I served in the Irish Defence Forces as an army officer (captain) from 1989 to 2000. During this eleven-year period, I served in a number of operational, front-line appointments at home and abroad.
In 1995 and 1996 I served in Lebanon as an officer in command of the Irish Battalion’s ‘Mobile Reserve’. This was the Quick Reaction Force or QRF of the Irish Battalion responding to fast-moving critical incidents throughout our Area of Operations (AO). In the spring of 1996, there was a major escalation of violence between Hezbollah and the Israeli Defence Forces in the Irish AO. This culminated in a punitive operation against the civilian population of Lebanon known by the Israeli Government as ‘Operation Grapes of Wrath’. It resulted in the killing and wounding of hundreds of innocent Lebanese men, women and children. It culminated with the massacre of civilians at the village of Qana on 18thApril 1996.
As a consequence of experiences of anti-terror operations in Ireland and full combat conditions in the Middle East, as a young officer, I was completely immersed in the norms and values of the Irish Armed Forces – Oglaigh na h’Eireann. In the autumn of 1996, when I returned from a short deployment as an election monitor in Bosnia, I commenced a PhD on the status and roles of female personnel in the Irish Armed Forces.
I sought and received formal written permission from the chief of staff of the Defence Forces to complete the doctoral thesis and enjoyed the support of the general staff throughout the research process. In 1998, I was promoted to the rank of captain and appointed as a staff officer for the chief of staff at Defence Forces Headquarters. Up to this point, I was a highly-regarded, respected, trusted and valued officer within the organisation.
In conducting the academic research, however, I uncovered shockingly high levels of sexual violence against women in the Defence Forces ranging from aggravated sexual harassment to sexual assault and rape.
In 2000, the term ‘whistleblower’ was not in common use in Ireland. Nor was the term ‘whistleblower reprisal’. Transparency International Irelandcites my case as a classic example of whistleblower reprisal. By speaking truth to power in Ireland, in seeking to highlight and end a toxic workplace culture with shockingly high levels of sexual violence, sexual assault and rape – I was faced with the destruction of my reputation, the threat of loss of employment and income and was threatened with criminal prosecution. On a personal level, and on a professional level, the experience of being a ‘whistleblower’ in Ireland was a terrifying one. It was one of the most traumatic experiences I have ever had. I would not wish it on anyone.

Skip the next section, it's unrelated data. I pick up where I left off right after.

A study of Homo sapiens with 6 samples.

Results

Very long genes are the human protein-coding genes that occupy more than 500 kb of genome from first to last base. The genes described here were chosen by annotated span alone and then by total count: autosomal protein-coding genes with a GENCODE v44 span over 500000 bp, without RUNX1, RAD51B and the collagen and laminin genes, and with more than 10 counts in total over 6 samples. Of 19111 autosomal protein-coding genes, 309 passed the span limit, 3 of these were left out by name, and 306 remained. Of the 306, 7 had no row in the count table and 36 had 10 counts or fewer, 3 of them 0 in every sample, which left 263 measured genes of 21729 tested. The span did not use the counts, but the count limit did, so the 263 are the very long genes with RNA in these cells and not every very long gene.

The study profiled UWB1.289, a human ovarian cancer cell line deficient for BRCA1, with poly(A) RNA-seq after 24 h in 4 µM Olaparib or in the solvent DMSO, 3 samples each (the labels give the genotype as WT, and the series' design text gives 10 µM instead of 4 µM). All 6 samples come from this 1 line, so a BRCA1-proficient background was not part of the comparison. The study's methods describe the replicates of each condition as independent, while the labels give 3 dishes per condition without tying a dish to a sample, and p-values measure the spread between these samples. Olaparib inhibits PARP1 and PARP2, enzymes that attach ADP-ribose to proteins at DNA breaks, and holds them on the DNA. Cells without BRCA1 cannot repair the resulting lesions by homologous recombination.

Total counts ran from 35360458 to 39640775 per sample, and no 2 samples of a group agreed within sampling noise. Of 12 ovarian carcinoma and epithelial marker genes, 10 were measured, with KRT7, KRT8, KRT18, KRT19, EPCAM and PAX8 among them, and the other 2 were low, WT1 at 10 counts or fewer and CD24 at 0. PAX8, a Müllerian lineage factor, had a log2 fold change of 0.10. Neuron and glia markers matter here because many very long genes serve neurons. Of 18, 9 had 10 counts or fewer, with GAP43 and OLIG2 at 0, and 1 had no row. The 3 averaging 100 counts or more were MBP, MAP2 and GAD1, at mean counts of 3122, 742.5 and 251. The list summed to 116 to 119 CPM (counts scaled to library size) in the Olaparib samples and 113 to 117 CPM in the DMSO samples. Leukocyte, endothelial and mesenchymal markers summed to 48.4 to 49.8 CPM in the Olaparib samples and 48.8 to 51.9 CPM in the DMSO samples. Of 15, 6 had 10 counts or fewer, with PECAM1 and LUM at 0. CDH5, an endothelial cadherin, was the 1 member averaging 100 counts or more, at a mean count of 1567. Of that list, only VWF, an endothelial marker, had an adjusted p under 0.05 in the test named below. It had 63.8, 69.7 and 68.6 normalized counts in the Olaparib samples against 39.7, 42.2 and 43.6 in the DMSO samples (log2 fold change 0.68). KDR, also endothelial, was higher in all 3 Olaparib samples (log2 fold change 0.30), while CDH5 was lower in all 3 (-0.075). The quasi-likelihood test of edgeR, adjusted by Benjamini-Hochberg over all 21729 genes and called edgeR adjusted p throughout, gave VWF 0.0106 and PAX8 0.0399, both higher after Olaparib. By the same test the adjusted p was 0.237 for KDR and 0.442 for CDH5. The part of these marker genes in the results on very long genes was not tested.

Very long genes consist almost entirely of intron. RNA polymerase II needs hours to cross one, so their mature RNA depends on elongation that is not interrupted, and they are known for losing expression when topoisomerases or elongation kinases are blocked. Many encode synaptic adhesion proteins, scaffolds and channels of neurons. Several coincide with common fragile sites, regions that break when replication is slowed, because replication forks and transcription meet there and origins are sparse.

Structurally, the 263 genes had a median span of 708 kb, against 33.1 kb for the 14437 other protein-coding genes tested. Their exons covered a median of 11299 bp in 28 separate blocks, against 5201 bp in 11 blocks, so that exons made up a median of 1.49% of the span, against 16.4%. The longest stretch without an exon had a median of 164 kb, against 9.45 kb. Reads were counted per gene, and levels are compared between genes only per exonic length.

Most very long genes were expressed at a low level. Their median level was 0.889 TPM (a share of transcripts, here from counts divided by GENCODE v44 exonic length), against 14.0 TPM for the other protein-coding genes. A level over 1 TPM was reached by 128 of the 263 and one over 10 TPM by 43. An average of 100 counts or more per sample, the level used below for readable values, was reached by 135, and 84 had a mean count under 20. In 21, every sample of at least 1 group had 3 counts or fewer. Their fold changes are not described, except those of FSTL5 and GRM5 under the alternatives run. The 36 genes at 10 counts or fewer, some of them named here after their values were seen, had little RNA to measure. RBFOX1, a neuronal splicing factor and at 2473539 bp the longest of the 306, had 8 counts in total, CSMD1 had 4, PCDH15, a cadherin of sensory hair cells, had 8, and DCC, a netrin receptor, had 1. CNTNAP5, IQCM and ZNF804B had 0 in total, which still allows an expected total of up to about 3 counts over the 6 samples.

I welcome the recent introduction of protected disclosures legislation in Ireland and I welcome the opportunity to talk to senior managers about the experience of whistleblowing in Ireland. It has been an entirely negative experience for me. I would say definitively that being a ‘whistleblower’ is not good for your CV in Ireland. Recent developments with regard to Sergeant Maurice Mc Cabe suggest to me that official Ireland has learned nothing about the value of whistleblowers in the workplace. Whistleblower reprisal – of the most appalling nature seems to be alive and well in Ireland.
Whistleblowers add value to organisations, institutions and businesses. Mandatory, full disclosure should be the ethical cornerstone of every public and private sector endeavour in Ireland. From health to financial services. If Ireland truly recognised and rewarded its whistleblowers, it is possible that we would not owe billlions of Euro following the economic crash. It is also likely that we would not endure the never-ending and ongoing cycle of crises and scandals in politics, banking, media, policing and health services - including the current cervical smear test tragedy.
Official Ireland does not value those who tell the truth to power. Official Ireland does not value ethical behaviour and is hostile to those who highlight unethical, corrupt or dangerous practices in the workplace. For Ireland to emerge from the recurring ethical and intellectual failures of the Celtic Tiger crash and its aftermath – austerity – it needs to recognise, value and reward whistleblowers and all workplace good Samaritans. Above all, Ireland needs to teach ethics and ethical values at all stages of education from primary school to university level. Ethics should be at the heart of the professional and moral formation of all Irish citizens and in all walks of life from financial services, to health, to policing, media and politics.
Dr Tom Clonan is a retired army captain, security analyst and author.